Blogger Alleges Threat to Life by Former Governor’s Wife


Ms Olawunmi had petitioned the National Human Rights Commission (NHRC), Amnesty International, United Nations High Commissioner for Refugees (UNHCR) and the International Criminal Court (ICC) saying she received a call from a man who identified himself as Williams from the Department of State Services (DSS), asking her to report to the agency’s office over a petition filed by one Demola Obanise, a man she identified as Fayemi’s brother-in-law.

The blogger added that she has also been receiving calls from strange numbers threatening her, alleging that these threats started after she wrote on Facebook that Bisi was arrested in 2018 in Dubai over alleged money laundering.

On her part, Mrs. Fayemi had also, through her lawyer, petitioned the Ekiti state commissioner of police, accusing Ms Olawumi of posting “malicious, false and offensive messages” about her on Facebook. Mrs. Fayemi said Ms Olawunmi’s Facebook posts on November 11, 2022, contravene section 24 of the Cybercrimes (prohibition, prevention, etc) Act, 2015 and were designed to malign her character. She asked the Ekiti police commissioner to ensure that Olawumi faces the law for the post against her.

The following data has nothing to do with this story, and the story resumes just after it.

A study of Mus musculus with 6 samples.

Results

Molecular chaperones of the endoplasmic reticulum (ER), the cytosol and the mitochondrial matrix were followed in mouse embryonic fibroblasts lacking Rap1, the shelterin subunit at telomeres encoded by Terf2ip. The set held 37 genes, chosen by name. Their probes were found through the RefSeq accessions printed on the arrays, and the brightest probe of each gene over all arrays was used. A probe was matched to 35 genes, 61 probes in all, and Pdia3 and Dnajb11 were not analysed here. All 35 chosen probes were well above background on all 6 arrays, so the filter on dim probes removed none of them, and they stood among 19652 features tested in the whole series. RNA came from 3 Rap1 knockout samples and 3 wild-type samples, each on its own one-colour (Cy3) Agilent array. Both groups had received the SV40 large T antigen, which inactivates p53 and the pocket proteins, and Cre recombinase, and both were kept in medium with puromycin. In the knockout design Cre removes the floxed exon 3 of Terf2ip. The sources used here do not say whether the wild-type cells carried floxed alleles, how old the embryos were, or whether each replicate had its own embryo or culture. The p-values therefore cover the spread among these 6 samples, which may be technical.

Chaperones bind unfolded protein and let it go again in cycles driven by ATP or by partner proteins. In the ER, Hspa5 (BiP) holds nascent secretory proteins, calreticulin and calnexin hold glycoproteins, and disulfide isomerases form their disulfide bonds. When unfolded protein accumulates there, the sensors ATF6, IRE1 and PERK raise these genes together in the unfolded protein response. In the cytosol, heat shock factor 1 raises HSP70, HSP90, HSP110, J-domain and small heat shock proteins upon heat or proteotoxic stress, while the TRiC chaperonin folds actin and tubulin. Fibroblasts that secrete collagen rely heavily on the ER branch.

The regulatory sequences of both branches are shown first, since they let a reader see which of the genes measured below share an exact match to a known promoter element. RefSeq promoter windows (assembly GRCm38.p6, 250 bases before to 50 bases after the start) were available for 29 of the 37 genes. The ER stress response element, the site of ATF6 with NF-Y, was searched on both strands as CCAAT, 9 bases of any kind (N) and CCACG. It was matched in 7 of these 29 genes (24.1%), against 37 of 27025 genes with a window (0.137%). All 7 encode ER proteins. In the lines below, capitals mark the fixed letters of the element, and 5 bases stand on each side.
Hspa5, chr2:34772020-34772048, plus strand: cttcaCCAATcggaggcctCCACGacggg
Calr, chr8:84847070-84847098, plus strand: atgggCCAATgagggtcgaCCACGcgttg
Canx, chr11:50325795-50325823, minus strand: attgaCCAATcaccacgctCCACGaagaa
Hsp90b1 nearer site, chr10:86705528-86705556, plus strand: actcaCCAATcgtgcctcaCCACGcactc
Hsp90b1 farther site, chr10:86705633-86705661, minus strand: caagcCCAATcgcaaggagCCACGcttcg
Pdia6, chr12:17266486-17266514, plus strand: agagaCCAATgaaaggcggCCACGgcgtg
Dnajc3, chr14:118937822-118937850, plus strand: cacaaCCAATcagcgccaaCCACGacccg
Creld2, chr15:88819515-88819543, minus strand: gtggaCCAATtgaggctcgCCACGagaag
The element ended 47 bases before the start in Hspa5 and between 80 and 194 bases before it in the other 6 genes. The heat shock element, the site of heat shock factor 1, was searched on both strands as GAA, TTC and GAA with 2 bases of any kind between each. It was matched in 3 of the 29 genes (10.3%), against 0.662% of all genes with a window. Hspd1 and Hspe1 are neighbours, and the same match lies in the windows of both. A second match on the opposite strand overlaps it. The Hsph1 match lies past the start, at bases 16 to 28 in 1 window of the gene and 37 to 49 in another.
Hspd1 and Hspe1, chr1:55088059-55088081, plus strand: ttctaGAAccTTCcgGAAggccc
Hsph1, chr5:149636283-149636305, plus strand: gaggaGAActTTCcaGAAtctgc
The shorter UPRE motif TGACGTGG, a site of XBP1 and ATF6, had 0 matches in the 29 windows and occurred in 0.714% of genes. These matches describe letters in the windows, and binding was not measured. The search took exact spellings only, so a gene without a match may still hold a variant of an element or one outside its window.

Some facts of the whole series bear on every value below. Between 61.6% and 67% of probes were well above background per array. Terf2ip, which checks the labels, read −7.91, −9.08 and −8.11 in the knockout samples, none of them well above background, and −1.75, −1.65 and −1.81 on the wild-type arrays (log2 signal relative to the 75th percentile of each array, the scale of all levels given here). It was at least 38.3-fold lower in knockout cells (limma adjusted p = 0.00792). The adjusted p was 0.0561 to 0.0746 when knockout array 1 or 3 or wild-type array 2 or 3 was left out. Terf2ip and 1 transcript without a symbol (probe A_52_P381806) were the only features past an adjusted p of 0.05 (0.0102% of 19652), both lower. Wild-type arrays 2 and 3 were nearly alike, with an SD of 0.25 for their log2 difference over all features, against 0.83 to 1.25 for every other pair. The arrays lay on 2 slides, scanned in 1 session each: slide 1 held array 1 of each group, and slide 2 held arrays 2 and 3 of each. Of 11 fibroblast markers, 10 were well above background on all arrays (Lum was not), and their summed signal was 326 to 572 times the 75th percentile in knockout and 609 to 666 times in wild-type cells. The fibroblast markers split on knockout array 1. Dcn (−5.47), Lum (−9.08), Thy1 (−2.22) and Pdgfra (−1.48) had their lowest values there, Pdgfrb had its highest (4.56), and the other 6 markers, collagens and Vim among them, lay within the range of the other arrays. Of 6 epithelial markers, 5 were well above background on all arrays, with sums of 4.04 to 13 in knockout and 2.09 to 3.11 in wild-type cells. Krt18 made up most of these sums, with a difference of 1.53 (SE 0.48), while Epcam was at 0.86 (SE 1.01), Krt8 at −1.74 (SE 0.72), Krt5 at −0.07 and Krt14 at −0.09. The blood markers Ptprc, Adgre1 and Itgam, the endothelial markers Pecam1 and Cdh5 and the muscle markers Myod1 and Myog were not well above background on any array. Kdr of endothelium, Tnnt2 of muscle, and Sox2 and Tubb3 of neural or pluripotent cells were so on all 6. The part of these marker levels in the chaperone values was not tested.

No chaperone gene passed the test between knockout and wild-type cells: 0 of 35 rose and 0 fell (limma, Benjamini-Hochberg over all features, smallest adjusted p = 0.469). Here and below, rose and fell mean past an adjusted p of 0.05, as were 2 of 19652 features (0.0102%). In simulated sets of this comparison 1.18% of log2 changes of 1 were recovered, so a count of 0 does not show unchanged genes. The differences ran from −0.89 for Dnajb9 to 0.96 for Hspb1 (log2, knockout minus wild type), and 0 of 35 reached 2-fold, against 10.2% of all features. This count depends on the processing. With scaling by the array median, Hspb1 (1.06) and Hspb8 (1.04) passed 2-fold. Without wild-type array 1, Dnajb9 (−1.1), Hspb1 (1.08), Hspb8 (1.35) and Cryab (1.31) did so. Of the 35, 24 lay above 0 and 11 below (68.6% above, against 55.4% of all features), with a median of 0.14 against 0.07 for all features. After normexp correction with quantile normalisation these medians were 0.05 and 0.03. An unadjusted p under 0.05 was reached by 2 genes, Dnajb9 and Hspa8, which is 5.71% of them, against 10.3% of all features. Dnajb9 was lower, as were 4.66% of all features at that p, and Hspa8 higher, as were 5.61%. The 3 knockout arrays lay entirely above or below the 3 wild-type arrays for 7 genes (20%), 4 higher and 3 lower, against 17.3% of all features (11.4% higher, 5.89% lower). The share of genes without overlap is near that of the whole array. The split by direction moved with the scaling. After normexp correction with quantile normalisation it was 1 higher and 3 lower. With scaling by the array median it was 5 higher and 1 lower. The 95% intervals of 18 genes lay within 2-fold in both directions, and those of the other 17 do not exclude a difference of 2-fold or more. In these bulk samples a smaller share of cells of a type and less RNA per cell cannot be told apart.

Mrs. Fayemi, in the petition, asked the commissioner of police, Ekiti State Command to use his good office to bring Ms Olawunmi to justice by investigating her infractions, infringements and invasion of her privacy and save her and the society at large from the blogger’s nefarious, criminal, malicious and calculated mischievous posts.

The ECOWAS Community Court of Justice on July 10, 2020, declared that the provisions of section 24 of the Cybercrimes Act, 2015 violate the right to freedom of expression.

In the case of The Incorporated Trustees of Laws and Rights Awareness Initiatives v. Federal Republic of Nigeria, the ECOWAS Court held that “the provisions of section 24 of Cybercrimes Act violates Article 9 of the African Charter on Human and Peoples’ Rights and Article 19 of the International Covenant on Civil and Political Rights to which Nigeria is a state party”.

The Court ordered the Federal Government to either amend or repeal section 24 of the Cybercrimes Act in accordance with Nigerian obligations under Article 1 of the African Charter on Human and Peoples’ Rights.